In the quietude of Holy Saturday, shortly before midnight, I find myself standing on my back deck and looking out into the twinkling lights of houses and roads. The celebrated agony of last week is over, both physical and mental. Soon the sun will crest the horizon, church bells will peal and the Good News will be spread.
My upbringing gave me an appreciation for solemn things. Raised Catholic, I kept the entirety of the Paschal season, including the full forty days of Lent. I was taught to reflect upon the events; I believe that I became a more empathic (sympathetic) person for it.
Good Friday, the Veneration of the Cross, marked the intense end of a whirlwind Jerusalem Tour. “They are killing him today,” I would think when I was smaller, and I would spend the day in quiet bereavement.
Holy Saturday. This was the one day of the year that brought me the greatest wretchedness as a child. Reared in a theatre family, I always thought of Holy Saturday as the day God went Dark. It was the one day of the year that God wasn’t turning His face to look at man, according to my child’s mind. It saddened me, especially if it rained on that day.
I can distinctly recollect crawling into bed after a very long Easter vigil. I was still at St. Rose, and probably no older than seven. The moon shone through my bedroom window and I turned my eyes toward the heavens (because everyone knows that is where God lives) and I felt a profound sense of loss. If I was this sad, then surely God was “upstairs” crying over the death, too. So, in true innocent form, I offered God my best sympathies for the death of Jesus.
“It’s okay, God. You come back again tomorrow. Don’t cry.”
I began attending sunrise services in my late teens. It seemed fitting. Mary headed down the darkened roads on her way to tend to Christ’s body. In the early morning light, while all the world was just starting to get busy, Mary came upon what she thought to be a gardener near the tomb. The story is well known. I needn’t repeat it here.
Easter Sunday is bitter-sweet to me. Yes, “Jesus rose”, and all of Christendom rejoices… for a day, perhaps even two. Then it seems as if everyone goes back to their lives. Disaster averted. Panic over. Been there, done that. Christ walked the earth forty days after the resurrection. The New Testament records chronicle a few key events and end with his Ascension into Heaven. And then that’s that.
Eastertide, like Christmastide, becomes a memory shortly after it is celebrated. The children and grandchildren have binged through their sugary hoards. The adults have put away their Easter outfits and put on their grindstone mantle. People tuck away all the “Easter bible stories” much as they stash the plastic decorations and gaily-colored baskets in the attic. They may glance upon them during the rest of the year, if they happen to be in that part of the attic.
Christians seem to have lost sight of the Passion of Christ (and I don’t mean the movie, although I do get a chuckle when I recall how horrorstruck many Protestants were over the “gruesomeness” depicted therein. Goodness, did they honestly believe that the death was no harsher than an Easter parade on a balmy afternoon?)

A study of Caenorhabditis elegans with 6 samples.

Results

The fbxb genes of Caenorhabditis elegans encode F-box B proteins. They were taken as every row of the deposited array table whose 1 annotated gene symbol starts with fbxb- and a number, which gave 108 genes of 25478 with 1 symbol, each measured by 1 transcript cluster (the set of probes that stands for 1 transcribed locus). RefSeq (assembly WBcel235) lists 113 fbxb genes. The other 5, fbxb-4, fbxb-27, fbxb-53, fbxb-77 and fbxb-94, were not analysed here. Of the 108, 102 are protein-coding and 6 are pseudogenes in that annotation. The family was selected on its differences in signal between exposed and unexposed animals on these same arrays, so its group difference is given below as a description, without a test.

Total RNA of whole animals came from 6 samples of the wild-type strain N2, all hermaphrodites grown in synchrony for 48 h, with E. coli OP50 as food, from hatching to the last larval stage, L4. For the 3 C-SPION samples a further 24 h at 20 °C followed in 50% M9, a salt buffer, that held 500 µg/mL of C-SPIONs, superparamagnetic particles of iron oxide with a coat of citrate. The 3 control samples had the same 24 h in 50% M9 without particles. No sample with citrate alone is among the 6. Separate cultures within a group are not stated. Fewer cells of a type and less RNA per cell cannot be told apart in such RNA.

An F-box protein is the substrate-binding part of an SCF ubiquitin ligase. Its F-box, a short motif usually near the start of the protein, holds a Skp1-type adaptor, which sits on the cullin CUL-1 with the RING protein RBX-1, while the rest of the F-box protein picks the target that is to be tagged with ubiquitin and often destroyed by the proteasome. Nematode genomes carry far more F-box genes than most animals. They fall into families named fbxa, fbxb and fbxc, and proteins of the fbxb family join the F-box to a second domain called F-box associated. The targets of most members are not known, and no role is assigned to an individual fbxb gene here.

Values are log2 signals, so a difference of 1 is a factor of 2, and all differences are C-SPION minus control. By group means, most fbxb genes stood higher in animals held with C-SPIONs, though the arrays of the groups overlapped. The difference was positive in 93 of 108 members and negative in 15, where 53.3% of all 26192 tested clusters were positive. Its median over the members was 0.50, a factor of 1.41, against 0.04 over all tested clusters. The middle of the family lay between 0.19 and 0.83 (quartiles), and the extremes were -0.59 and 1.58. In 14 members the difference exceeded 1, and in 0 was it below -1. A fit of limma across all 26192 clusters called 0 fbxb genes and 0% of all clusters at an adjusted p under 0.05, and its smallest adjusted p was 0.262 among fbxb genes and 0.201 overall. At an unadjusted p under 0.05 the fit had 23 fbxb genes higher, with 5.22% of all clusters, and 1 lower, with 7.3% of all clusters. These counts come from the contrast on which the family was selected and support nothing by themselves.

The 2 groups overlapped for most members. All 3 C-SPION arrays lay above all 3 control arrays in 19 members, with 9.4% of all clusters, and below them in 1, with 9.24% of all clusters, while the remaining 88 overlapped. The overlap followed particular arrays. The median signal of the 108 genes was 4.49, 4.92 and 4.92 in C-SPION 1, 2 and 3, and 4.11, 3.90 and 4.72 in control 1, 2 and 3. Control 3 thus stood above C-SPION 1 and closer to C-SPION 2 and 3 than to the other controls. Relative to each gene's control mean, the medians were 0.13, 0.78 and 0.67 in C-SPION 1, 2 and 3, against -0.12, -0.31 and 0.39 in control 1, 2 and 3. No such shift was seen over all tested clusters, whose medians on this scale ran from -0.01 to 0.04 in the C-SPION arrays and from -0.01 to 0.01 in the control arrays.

I was in a debate recently and my (apparently unarmed) opponent was a self-declared “OSASBABBTC” (translated: Once Saved, Always Saved Born Again, Bible-Believing True Christian). We were discussing the importance of the Last Supper and the symbolic act of communion.
He used the advantage to rant about “pagan papal Catholic demonists speaking demonic Latin” and his ire grew to epic proportions when I softly pointed out that Jesus Himself stated, “As often as you do these things, do them in memory of me”. His response to me was, “YOU don’t know Jesus!”
I wonder if he knows Jesus. I don’t mean the “made in our image God suit” that many people use to form God in their minds. I certainly don’t mean the parroted words typed in red font found in every bible. Nor do I mean Paul’s teachings to the early churches.
Does this man really know Christ and all that He endured? Has he ever taken time out of his hectic “born again” life to contemplate Jesus? Does he feel the pregnant and heavy weight of Holy Saturday bearing down upon him tonight?
I certainly do not place myself as being higher in the Salvation Station than my debate opponent. I’m not. I don’t spout bible verses. I don’t wear a cross or crucifix. I avoid labels such as “born again” and “true”, and refuse to identify with any single denomination. I seldom attend church services. I’m quiet in what I believe and in how I believe, and there are days where I wonder if what I believe is actually to be believed or not.
God will probably take one look at my sorry carcass and punt me straight into hell. Still, I’m the one standing on my deck and reassuring God (and myself) that he’ll be back tomorrow. It’s a weird relationship between Father and prodigal child.
I keep Eastertide in my heart, and heed every dreadful and every miraculous moment of it. And so I find myself once again contemplating Holy Saturday, and the promise of Easter Sunday. May each of my friends and their families experience the peace and hope of the season.
The photographs are from a meandering road in West Virginia. I took them Saturday afternoon as we were coming back from our friends' home.